Judge Alice Nelson has a fondness for small New England towns inhabited by human oddities.
Our reviews of Haven (2004) (published February 28th, 2007), Haven: The Complete First Season (Blu-ray) (published June 23rd, 2011), and Haven: The Complete Second Season (published September 5th, 2012) are also available.
Haven's Tourist Brochure: Come for the first rate seafood, stay for a lethal blow to the back of the head.
Haven looks like a beautiful town. Except for the wild dog people, dead residents found with their body parts harvested through their mouths, and an unknown assailant killing people with a homemade bolt gun, I'd love to live there myself. Haven: The Complete Third Season is full of surprises, and we even get answers to long sought after questions in a season that continually surprises as well as entertains.
Facts of the Case
Audrey (Emily Rose), Nathan (Lucas Bryant, The Vow), and Duke (Eric Balfour, Skyline) are back, and Season Three picks up right where last season left off, with Audrey held captive by a stranger who knows more about her life than she does and is demanding she tell the whereabouts of The Colorado Kid. Audrey's problems don't lessen once she escapes, she finds out that she has very little time left in Haven, and in that short window she must try and catch the killer who abducted her—dubbed the Skin Walker because he is also killing Haven's citizens and removing their skin before torching the bodies. (Ouch!) If that isn't enough, Audrey has to try and save Haven from a meteor storm that could completely destroy the town and everyone in it. It's just your average day in Haven.
This time around Haven still has the weekly 'troubles' Audrey and Nathan must solve, but in addition there's a central overarching story arc that permeates the entire season. It involves Audrey's mandatory pilgrimage into a mysterious barn-like structure that preserves her and spews her out again every 27 years. When she returns, she has a new name and no memory of the last time she was in the quaint little town.
The Barn is like an amplifier for Audrey, when she's in it she is energy that keeps the troubles away. But after 27 years, the energy starts to run out and the troubles come back to Haven again. She has to come out and recharge by helping the troubled, so she can go back into the barn and stop the troubles all over again.
This has happened twice before: once in 1955 when she was Sarah, a nurse who came to Haven to care for a WWII vet, whose troubles could wish people into another time. Then in 1983 she arrived as Lucy, a woman who had a special connection to the Colorado Kid, and was at the center of his murder investigation. Now, as Audrey Parker she's made a home in Haven and has fallen for her partner Nathan, and along with Duke, they try to find a way Audrey can stay in town. The Colorado Kid mystery intensifies when his coffin is exhumed and there's no body inside. This means he may be alive (you never know in Haven), and explains why the Skin Walker is looking for him.
The onscreen chemistry between the stars of Haven, continues to shine, aided by writing that is anything but predictable. Two of my favorite episodes are:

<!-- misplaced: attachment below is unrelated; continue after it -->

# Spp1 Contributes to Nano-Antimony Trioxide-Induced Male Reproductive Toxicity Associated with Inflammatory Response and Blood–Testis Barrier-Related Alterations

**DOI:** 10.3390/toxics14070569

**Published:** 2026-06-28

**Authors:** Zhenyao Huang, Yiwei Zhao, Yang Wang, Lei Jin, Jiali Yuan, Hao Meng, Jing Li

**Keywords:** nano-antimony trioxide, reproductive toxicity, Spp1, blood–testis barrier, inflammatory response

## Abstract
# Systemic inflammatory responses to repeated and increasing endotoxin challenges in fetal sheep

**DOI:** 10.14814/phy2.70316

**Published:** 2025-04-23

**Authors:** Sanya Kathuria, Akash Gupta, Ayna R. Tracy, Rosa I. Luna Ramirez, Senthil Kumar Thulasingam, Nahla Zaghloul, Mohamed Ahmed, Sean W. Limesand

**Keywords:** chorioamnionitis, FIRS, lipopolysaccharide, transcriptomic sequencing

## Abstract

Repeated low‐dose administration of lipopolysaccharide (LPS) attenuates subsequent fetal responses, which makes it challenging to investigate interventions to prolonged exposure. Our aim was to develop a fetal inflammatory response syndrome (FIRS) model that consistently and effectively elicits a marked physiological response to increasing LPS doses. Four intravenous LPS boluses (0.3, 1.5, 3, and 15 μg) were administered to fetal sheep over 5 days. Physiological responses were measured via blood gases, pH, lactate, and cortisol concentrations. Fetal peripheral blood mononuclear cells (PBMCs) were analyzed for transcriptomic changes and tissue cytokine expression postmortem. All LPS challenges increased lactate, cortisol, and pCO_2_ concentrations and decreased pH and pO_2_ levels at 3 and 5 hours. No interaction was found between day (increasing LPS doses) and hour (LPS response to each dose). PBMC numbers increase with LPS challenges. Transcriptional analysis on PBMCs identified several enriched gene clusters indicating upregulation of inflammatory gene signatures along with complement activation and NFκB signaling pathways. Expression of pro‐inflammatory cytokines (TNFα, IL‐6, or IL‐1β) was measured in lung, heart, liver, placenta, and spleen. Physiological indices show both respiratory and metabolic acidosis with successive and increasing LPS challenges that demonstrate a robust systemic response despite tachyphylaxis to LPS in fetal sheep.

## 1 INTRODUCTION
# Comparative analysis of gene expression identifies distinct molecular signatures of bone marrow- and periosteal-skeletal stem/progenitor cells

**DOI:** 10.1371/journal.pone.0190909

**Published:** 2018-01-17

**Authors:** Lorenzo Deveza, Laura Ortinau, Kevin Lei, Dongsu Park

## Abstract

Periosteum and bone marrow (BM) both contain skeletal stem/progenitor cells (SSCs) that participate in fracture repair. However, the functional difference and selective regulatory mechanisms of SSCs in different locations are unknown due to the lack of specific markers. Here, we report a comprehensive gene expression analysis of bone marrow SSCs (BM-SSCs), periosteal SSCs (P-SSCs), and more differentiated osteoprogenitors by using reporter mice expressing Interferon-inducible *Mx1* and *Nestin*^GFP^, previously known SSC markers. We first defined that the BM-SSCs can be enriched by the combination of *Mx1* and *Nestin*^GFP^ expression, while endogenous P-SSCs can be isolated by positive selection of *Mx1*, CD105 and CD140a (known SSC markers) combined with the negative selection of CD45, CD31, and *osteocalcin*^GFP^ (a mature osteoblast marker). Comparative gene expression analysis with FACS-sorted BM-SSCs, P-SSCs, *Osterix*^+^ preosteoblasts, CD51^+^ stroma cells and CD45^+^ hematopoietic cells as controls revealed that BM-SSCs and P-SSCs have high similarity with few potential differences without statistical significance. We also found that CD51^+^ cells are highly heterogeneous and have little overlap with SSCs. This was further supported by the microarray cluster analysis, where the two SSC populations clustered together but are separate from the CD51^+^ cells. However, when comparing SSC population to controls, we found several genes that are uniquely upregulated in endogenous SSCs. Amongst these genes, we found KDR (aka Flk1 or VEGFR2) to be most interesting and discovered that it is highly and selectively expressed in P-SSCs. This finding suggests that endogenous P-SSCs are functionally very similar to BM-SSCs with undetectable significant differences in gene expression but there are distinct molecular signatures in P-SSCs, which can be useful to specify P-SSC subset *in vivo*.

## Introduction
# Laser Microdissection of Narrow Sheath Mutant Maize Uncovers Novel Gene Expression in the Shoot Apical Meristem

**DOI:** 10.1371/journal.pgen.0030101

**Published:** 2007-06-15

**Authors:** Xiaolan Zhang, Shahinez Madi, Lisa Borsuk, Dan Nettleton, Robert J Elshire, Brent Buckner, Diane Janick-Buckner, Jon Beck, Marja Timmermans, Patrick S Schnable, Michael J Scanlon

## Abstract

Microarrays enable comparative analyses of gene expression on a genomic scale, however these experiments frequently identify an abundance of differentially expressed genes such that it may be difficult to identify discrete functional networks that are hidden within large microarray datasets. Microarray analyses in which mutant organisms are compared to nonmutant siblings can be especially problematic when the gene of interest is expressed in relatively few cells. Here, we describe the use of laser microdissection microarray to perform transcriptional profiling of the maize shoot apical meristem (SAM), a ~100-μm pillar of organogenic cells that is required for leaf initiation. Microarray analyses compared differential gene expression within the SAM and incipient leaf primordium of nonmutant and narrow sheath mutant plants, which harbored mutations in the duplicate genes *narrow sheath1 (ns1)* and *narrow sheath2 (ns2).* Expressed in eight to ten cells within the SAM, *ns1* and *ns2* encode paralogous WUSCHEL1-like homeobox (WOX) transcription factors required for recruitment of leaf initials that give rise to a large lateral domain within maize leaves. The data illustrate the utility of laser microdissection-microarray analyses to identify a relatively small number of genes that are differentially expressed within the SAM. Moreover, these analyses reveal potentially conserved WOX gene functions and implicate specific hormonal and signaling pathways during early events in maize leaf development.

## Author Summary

The writers have hit their stride with Season Three, instead of remaining in a typical 'trouble' of the week format, they've taken the show to a level that sets it apart from the previous two seasons. They've created a mythology around Haven and its characters that exceeds anything that even King thought they could accomplish from his 2005 short story.
This 13 episode Blu-ray collection of the Syfy Channel's paranormal series answers many of the questions that have been on our minds since Audrey came to Haven, and as is to be expected, it also leaves us with many more.
The Blu-ray is shot in 1080p HD, with a 1.78:1 presentation that highlights the beautiful Nova Scotia peninsula. The fictional Haven is a town in Maine, but this Canadian province is an exceptional substitute. The sharp colors as a backdrop against the muted clothing of the characters is a striking contrast and the night scenes are crisp and clear, making it easy to see each shot. This isn't a big budget television show, but you can't tell from the final product. In a show where long snake like creatures suck body parts through the mouths of Havenites and creatures morph from a human form into a dog, the effects have to be spot on—and they are because they are well placed and judiciously used. The DTS-HD Master Audio 5.1 mix is perfect for Shawn Pierce's score, which is both intense when it needs to be and softer during the more tender moments in the series.
Extras include "The Haunting Truth About Haven," a behind the scenes documentary of the episode entitled "Real Estate." It is 45 minutes, but definitely worth your time. "Escape to Haven" is a webisode series. Also included are deleted and alternate scenes, audio commentaries with the show's writers, interviews with the cast and a few of the guest stars, a panel Q&A at the New York Comic Con with the cast and the writers, a behind the scenes retrospective, and a blooper real. Haven is a fantastic show that took a fairly mediocre book, by Stephen King standards, and turned it into a wonderfully creative and inventive show.
Haven doesn't get the attention of some other, more critically acclaimed cable television programs, but it's just as deserving. It was hard to imagine how far they could take a story involving a woman who vanishes than reappears every 27 years, but with wonderful writing and acting, Haven: The Complete Third Season makes me hopeful that the possibilities of this series are endless.
This show is oh so Havenly. Not Guilty.